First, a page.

Teaching Students Learning Skills - Steve Barkley

Teaching Students Learning Skills

As I work with school leadership teams and PLC’s establishing plans to reach student learning goals, we often explore what student behaviors are needed for students to learn or master a standard. More and more I believe that identifying the necessary learning skills connected to a desired outcome may be the most challenging part of teaching. Knowing the student behaviors, teachers can then design tasks that require the student behaviors. Sometimes students don’t have the necessary learning behaviors so the skills must be taught first before they can be applied to learn the new skills or understanding.

An article by Paul Bambrick-Santoyo in the September 2013 Kappan (Habits Improve Classroom Discussions) provides a great example. He describes a second grade teacher who has students learn with literacy discussions…. but first she has to teach the habits of discussion.

“To teach the habits of discussion, teachers must break them into pieces small enough that students can practice them in isolation, master them, and then build more habits on top of them.”

 The teacher featured in the article identified 13 skills of discussion that she teaches to her second grade students.  (Example: speak audibly, praise your peers, come prepared in writing, etc.)

“For two or three weeks after teaching the habit, she verbally reminds students to use it every time they don’t, accompanying her reminder with a nonverbal hand signal. Then for the rest of the year she uses the nonverbal signal alone.”

The skills that students learn in this classroom will be used in many future learning opportunities.

Annie Murphy Paul writes in her blog that teaching students good learning strategies would ensure that they know how to acquire new knowledge, which leads to improved learning outcomes:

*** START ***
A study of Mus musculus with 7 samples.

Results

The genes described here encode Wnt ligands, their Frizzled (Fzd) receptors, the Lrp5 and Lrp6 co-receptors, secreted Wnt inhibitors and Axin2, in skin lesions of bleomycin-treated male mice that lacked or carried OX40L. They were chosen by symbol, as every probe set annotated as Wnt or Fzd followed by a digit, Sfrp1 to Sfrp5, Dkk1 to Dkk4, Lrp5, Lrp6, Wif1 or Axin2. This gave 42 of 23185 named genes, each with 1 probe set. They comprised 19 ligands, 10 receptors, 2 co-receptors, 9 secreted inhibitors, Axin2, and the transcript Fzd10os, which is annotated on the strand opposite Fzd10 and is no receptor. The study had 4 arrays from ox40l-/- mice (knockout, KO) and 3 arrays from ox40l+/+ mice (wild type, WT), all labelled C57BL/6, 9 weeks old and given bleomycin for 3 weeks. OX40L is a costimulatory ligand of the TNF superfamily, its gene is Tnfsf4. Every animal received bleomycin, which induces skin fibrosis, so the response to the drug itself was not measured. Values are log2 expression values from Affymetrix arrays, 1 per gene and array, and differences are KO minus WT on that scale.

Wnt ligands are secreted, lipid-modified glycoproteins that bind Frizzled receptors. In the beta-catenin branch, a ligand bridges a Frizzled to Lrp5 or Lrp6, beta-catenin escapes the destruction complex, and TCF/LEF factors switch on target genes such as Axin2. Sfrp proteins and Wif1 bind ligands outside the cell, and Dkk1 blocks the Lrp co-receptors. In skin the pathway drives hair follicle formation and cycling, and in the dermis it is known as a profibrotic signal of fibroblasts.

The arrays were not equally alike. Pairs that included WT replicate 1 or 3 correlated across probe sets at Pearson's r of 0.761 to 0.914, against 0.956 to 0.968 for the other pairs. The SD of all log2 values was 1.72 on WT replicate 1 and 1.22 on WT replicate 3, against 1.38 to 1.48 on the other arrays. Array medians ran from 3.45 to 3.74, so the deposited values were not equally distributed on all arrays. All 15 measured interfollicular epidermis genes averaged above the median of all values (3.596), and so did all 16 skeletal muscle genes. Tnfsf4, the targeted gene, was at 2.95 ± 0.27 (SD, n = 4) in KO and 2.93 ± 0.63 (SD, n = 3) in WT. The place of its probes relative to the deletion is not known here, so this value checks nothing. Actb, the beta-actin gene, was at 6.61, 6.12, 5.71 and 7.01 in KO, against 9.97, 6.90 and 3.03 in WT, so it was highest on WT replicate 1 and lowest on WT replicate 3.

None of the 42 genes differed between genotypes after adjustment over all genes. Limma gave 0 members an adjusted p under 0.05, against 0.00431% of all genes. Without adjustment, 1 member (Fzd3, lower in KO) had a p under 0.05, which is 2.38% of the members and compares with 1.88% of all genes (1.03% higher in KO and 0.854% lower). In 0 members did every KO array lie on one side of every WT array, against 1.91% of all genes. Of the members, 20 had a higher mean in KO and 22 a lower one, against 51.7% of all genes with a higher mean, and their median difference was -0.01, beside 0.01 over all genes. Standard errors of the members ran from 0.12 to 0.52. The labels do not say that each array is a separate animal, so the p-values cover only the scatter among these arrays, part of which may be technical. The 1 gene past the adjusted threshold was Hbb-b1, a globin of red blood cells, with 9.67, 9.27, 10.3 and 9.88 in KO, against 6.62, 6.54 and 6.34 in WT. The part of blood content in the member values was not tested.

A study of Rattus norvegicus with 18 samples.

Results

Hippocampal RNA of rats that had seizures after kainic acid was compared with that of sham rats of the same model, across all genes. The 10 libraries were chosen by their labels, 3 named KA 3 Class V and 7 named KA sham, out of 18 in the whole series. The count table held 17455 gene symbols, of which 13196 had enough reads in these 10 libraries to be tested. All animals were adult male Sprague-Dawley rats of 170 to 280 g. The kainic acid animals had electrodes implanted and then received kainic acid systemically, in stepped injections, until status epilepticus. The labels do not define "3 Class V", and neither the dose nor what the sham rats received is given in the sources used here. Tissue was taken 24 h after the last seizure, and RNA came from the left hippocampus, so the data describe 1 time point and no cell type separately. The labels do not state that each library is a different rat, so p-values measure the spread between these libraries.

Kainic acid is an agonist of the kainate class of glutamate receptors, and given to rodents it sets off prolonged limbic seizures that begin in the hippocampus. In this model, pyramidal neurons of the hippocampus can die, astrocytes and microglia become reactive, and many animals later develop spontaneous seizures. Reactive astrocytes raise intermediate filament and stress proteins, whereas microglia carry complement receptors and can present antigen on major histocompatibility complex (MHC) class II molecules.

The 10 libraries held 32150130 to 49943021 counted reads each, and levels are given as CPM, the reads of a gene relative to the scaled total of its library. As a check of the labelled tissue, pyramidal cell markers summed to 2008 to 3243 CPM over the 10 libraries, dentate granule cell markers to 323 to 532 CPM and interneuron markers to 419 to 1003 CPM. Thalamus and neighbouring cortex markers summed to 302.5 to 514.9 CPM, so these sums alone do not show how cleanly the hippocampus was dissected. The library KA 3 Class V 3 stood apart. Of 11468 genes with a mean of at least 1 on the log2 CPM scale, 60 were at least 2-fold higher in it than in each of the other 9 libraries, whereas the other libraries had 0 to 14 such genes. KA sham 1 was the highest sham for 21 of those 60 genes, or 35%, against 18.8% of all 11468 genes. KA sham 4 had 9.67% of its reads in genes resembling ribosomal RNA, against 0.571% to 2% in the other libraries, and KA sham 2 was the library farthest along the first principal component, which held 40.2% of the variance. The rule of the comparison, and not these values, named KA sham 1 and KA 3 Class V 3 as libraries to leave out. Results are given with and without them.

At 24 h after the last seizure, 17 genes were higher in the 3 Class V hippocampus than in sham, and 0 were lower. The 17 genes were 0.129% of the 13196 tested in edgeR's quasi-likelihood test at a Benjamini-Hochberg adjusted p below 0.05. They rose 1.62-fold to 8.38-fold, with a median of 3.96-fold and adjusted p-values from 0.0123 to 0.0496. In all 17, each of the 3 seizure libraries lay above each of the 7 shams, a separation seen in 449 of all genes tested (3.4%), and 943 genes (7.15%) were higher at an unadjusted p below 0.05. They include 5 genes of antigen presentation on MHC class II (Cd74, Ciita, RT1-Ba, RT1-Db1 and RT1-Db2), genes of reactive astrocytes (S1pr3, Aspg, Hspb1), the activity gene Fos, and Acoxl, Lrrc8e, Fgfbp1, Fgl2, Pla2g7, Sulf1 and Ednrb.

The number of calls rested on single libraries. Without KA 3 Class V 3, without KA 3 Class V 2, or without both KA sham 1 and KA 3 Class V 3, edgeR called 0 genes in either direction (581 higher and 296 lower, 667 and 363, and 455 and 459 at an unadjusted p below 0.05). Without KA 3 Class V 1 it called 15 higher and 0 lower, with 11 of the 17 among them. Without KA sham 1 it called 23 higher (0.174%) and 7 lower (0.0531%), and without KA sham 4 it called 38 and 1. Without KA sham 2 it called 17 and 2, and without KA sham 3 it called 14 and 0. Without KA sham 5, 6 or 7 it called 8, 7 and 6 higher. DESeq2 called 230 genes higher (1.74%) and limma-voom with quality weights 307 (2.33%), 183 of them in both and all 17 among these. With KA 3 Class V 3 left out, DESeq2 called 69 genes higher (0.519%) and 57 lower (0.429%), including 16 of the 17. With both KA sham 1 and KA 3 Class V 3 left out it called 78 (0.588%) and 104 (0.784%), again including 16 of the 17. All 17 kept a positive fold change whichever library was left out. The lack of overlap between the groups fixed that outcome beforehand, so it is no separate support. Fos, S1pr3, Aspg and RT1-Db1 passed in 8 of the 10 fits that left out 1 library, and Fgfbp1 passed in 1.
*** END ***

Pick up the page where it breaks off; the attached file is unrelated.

“Students who use appropriate strategies to understand and remember what they read, such as underlining important parts of the texts or discussing what they read with other people, perform at least 73 points higher in the PISA assessment—that is, one full proficiency level or nearly two full school years—than students who use these strategies the least.”  

In an article in the American Educator,   John Dunlosky reports that students use strategies to study that are not the most effective…especially if students want to retain learning beyond passing the exam.

One reason that he suggests is that curricula are developed highlighting the content teachers are to teach and not on training students how to effectively acquire it. Emphasis is on what students need to learn and little attention to how they should go about learning it.

Dunlosky’s article reviews 10 studying/learning strategies.  The top two for effectiveness were practice testing and distributed practice.

Improving learning across time has payoffs to learning.  When in a practice test a student recalls the correct information there is a positive impact on memory. When a student is unable to get the correct response she now knows where to focus the next studying energy. Practice tests, as an instructional strategy, suggest a consideration for standards –based grading where final test results outweigh any grades recorded early in the learning process.

The second highly effective strategy is distributed practice. Mass practice gives a sense of quick progress versus the slower approach of distributed. Research strongly indicates that the fall off from mass practice can be severe. Distrusted practice tends to produce lasting learning and quick relearning when necessary. Teachers need to assist students in mapping out a study plan, how many sessions are needed, when those sessions will take place and what they should practice in each session. Just like the second grade teacher’s hand signals this assistance to students makes teachers “learning coaches.”

I’d strongly recommend that upper elementary and secondary teachers consider reviewing Dunlosky’s article with your students. Engage them in examining current study practices and experimenting with others. Consider instructional changes you might make to support these how to learn strategies.